UAPD Officer has Nose for Explosives
The best-looking and most popular officer at The University of Alabama Police Department cannot shoot a target two inches in front of his face. Neither can he maneuver a patrol car along streets during a high-speed chase.
But when it comes to locating hidden explosives, Benny is the man for the job.
Or rather, make that dog for the job.
Benny, a yellow Labrador retriever, and his handler, Sgt. Rusty Romine, make up the K-9 unit for UAPD. The two have built a strong bond over the years as they work to ensure that the University stays free of explosives that could endanger the lives of UA employees and students, visiting dignitaries or people attending large events on campus.
Benny was born on Sept. 11, 2004, so one might think he was destined for explosives detection. But it was his “alpha” behavior that led Benny into police work. The alpha trait is one of two characteristics that K-9 trainers look for in dogs, Romine said. The other is a “heightened sense of prey.”
Alphas like to lead the pack, and Benny was doing that at an early age. “It took Benny a little while to adjust to me being in charge,” Romine said.
Benny had undergone 14-16 weeks of training at a facility in Daytona Beach, Fla., before Romine even met his future partner. UAPD had already purchased the dog based on pictures and a review on the Web. Following a two-week basic course for handlers, Romine transported Benny to Tuscaloosa. The two spent the entire summer of 2006 bonding and sharpening their skills.
A dog is easy to train, Romine said. The hard part is training the handler, who must learn to trust the dog through close observations of the animal’s mannerisms. A dog will tell its handler everything through those mannerisms, Romine said.
Benny is a “single-purpose-detector” dog certified to locate explosives. Other single-purpose dogs are trained in detecting narcotics. “Dual-purpose-detector” dogs perform apprehension work and either explosives or narcotics detection.
“Benny doesn’t know he’s looking for a bomb,” Romine said. “He thinks he’s looking for his toy.” Benny’s training involves positive re-enforcement. When he performs correctly, he receives a toy. On the day the interview for this story was conducted, Romine used quick hand signals and verbal commands to direct Benny in a room search. Benny immediately stopped when he located an explosives pack that Romine had hidden earlier. Benny sat on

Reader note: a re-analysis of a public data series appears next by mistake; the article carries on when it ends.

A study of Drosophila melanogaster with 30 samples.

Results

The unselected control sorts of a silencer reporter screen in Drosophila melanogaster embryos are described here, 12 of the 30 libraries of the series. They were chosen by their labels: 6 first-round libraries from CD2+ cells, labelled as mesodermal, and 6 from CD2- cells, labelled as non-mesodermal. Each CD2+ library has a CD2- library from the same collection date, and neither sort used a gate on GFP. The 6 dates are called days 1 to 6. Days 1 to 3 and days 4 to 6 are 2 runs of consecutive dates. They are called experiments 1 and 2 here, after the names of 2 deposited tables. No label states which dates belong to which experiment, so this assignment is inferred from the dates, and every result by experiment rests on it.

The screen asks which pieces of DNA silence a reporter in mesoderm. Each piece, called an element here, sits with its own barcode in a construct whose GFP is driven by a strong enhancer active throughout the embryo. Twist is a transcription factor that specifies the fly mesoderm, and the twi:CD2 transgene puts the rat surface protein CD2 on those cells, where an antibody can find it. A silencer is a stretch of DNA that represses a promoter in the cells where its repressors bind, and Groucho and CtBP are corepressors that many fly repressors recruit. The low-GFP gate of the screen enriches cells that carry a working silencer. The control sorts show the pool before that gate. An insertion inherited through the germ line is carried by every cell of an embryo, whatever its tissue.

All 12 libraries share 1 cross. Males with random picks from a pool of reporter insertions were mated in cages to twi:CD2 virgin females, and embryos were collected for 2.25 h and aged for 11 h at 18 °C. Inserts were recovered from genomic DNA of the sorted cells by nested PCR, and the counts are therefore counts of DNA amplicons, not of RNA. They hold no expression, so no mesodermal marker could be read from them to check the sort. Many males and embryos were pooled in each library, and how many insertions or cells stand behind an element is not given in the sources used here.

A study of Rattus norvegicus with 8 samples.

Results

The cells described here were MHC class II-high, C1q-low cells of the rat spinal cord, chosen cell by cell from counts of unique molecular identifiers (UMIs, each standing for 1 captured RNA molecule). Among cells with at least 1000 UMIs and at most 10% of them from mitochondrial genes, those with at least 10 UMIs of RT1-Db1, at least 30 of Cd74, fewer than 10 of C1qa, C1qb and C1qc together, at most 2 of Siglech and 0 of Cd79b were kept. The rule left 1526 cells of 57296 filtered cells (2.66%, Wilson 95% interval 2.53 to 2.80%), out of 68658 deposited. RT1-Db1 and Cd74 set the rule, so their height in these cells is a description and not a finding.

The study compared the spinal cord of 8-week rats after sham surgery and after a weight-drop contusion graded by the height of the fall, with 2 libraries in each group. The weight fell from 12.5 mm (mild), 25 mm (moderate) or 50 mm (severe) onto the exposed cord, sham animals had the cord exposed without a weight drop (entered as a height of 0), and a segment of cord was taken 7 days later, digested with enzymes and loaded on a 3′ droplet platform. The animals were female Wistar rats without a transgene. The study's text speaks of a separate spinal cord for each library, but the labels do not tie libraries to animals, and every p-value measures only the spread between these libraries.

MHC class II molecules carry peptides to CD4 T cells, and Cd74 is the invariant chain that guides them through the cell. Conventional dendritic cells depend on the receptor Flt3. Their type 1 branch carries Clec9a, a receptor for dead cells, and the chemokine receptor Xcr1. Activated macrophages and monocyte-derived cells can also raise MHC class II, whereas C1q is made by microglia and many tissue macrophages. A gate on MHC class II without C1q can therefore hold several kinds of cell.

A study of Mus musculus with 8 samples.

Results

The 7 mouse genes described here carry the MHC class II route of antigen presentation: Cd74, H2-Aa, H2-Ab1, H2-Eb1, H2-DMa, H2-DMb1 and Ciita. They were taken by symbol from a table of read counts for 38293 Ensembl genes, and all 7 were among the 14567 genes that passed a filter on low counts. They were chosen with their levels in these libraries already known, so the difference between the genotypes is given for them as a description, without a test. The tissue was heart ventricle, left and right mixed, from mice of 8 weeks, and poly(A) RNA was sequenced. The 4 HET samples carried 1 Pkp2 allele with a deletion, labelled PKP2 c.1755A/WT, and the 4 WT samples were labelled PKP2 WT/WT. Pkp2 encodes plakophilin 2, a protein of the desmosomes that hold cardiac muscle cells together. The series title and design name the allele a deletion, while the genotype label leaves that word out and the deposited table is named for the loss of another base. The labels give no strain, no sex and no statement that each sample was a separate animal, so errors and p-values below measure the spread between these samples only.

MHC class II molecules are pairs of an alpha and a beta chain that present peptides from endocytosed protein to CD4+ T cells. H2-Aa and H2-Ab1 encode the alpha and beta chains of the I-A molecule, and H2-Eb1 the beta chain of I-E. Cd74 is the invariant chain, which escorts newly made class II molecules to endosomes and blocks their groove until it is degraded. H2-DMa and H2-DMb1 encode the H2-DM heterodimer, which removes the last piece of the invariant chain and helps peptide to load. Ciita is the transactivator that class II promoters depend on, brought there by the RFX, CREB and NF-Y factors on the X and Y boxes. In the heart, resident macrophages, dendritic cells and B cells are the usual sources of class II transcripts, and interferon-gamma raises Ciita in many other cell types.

his haunch, with tail extended straight back. He did not move or take his eyes off the object until Romine threw him a toy. At that point Benny bounded out into the hall, flipped on his back and began chewing mightily on his rubber goody in a blissful state of swaying legs and twisting head.
Dogs trained in explosives detection identify specific, individual odors from a base of 21 odors, Romine said. Using his knowledge of those odors, Benny can find over 2,000 different types of explosives, weighing any amount. Labrador retrievers are “proven to have a better sense of smell,” Romine said.
The majority of police dogs are German shepherds, Labrador retrievers or Belgian Malinoes, Romine said, but any dog is capable of K-9 work if it possesses the two main characteristics mentioned earlier.
Romine issues commands to Benny in German and Dutch so that the dog will not be confused if he is doing his work in a large crowd of Americans. Benny was born in the region that now constitutes the Czech Republic and Slovakia and moved to the Netherlands before coming to America. In addition to his Dutch passport, Benny has a police badge and rides patrol in a silver car that has been specially outfitted with a metal canine insert in the back to keep him stable and safe.
Benny and Romine are members of the Region 3 Response Team for Homeland Security. The two must be ready to be mobilized when called upon by outside agencies for assistance.
The two also visit schools in the community, where the muscular, 90-pound dog is known to give kindergartners rides on his back. “He gets along with everyone,” Romine said.
He is also the more popular of the two. “Everybody remembers Benny. Nobody remembers Rusty.”